Jim is one of those great guys that contacted me telling me he liked my Noah Milano stories, way back... It's an honor to have him over to tell about his newest book, the Nick Kepler collection called the Compleat Kepler.
Tell us what to expect from your new book THE COMPLEAT KEPLER.
The Compleat Kepler tells the backstory of Nick Kepler up to, and in one case, shortly after the events of Northcoast Shakedown. Some of the stories were written just so I could get a handle on the character. Others were written to get the character out there in the lead-up to Northcoast Shakedown.
Where did the stories appear before?
The first appeared in Plots With Guns. The last appeared in Thrilling Detective. In fact, "Love Don't Mean a Thing" was in their final fiction issue. Judas/The 3rd Degree got the lion's share of the stories.
Tell us about how you were inspired to write them.
It depends. "A Walk in the Rain," the first story, was written after a friend from high school and I reconnected after about 15 years. She told me the story of her ex, an abusive man she met in the military. I was so enraged that I wanted to stuff him in a car crusher, which is exactly what happens to Joe in that one. "Full Moon Boogie" came about during a vacation to Ohio's Hocking Hills. It's such an unusual place for that state, and I had to write a story set there.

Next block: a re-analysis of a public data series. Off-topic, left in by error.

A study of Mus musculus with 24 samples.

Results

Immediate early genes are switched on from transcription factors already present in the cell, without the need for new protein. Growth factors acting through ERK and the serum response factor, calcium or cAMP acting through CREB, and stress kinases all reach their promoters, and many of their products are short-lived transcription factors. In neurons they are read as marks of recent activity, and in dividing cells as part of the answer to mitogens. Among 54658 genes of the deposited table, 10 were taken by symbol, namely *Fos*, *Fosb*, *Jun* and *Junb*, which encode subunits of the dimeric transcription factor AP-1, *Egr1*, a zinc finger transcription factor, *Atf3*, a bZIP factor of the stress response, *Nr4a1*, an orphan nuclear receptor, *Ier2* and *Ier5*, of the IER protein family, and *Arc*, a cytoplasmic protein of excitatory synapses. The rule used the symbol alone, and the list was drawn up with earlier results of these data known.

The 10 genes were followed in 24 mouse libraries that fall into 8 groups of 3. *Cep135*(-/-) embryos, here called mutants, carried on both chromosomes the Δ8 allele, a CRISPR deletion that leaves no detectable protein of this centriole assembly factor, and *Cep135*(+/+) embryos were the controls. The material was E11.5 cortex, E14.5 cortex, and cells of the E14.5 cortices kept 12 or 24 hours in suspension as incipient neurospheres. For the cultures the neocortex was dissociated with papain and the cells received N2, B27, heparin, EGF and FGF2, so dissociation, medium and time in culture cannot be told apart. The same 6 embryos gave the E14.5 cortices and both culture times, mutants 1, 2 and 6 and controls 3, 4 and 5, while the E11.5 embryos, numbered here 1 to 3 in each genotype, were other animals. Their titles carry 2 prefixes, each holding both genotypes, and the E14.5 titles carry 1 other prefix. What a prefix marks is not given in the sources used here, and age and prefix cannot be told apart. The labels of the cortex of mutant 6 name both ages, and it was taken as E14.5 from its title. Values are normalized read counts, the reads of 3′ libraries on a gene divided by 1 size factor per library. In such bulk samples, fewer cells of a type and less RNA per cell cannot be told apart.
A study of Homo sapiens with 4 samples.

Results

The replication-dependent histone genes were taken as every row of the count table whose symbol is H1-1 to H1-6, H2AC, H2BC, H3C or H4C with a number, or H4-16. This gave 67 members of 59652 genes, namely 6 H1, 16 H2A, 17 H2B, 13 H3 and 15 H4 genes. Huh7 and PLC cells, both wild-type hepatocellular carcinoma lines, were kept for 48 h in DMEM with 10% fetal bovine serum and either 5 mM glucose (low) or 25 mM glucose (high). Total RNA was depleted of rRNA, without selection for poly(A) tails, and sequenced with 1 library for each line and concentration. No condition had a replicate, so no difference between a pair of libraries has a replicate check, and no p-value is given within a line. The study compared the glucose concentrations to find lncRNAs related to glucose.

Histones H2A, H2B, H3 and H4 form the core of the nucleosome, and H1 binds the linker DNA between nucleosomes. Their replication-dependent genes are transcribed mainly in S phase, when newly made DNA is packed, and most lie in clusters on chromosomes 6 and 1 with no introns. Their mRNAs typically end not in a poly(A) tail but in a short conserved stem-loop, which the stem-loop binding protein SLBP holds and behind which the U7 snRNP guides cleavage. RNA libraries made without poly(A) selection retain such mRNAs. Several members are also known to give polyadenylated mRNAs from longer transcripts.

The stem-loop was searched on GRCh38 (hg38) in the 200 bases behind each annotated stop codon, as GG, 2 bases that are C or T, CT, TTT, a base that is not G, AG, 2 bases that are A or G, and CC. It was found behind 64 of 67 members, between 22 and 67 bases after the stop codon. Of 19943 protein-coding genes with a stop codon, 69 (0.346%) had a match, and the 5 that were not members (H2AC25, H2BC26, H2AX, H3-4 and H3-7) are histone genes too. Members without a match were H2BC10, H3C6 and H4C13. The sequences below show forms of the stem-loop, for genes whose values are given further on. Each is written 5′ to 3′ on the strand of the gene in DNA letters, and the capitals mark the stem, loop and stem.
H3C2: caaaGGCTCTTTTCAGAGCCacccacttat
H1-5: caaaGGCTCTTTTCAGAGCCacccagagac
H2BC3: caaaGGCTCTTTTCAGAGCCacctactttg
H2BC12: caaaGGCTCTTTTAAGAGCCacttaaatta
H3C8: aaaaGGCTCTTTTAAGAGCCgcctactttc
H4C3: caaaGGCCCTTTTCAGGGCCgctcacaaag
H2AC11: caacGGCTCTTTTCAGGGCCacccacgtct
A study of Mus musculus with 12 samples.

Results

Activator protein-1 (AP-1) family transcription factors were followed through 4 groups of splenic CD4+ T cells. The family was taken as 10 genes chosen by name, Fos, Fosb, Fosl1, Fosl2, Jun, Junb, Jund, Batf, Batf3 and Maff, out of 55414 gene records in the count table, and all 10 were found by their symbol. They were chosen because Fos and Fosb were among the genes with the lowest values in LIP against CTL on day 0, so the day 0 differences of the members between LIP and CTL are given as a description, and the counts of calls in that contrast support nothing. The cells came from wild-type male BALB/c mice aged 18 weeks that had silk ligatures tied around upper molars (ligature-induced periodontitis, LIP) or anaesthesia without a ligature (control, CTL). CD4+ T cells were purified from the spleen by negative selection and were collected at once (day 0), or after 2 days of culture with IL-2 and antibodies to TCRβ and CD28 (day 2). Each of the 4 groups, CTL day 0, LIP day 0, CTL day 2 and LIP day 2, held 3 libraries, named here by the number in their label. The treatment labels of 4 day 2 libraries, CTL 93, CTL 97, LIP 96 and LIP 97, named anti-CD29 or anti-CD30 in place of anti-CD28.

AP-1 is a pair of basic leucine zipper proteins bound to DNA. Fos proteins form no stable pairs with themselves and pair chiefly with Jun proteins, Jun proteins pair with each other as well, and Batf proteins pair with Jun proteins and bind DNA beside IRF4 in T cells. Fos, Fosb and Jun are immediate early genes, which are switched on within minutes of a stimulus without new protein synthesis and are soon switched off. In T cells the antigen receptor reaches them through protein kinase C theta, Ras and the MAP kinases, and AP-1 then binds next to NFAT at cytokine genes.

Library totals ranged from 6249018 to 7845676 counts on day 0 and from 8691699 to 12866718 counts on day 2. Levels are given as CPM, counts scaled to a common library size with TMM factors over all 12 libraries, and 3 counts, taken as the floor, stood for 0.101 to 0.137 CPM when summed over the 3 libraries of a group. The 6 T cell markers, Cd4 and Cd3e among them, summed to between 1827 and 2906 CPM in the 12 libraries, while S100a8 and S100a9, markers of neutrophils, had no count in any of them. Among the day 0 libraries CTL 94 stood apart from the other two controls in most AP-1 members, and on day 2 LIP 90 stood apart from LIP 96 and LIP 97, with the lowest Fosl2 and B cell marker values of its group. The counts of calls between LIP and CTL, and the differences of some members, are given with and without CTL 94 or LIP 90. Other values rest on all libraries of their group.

Will we see Nick Kepler return?
The novel BAD RELIGION was put aside about halfway through the revision process, so when that's complete, I'll release it. There is also a longish story called "Gypsy's Kiss," about the character Gypsy from "Roofies," that I want to send to a certain anthology. (Hint! Hint!)
Did writing the stories take a lot of research?
It depended on the story. "Flight of the Rat" required me to have a 9/11 timeline up while I wrote so I could refer to what happened when, as well as what sort of confusion was happening around the country. On the other hand, "Love Don't Mean a Thing" required nothing more than a vivid imagination.
What stories / scenes did you enjoy writing the most?
"Full Moon Boogie" was the most fun to write. I had to let that one simmer a few days. Then one day, I was in the West Virginia mountains taking a train ride on an old steamer. I scribbled the first draft out on a notepad during the entire trip. "A Walk in the Rain" just wrote itself. It's probably the closest to its original draft of anything I've written.
Who is your favorite among the characters in the stories?
I've grown fond of Gypsy, the stripper/call girl who has a goal of getting out of the sex trade under her own power. She found her spine by taking a bullet for Nick, who, in return, got her off heroin, and now she's unstoppable. I love a good redemption story.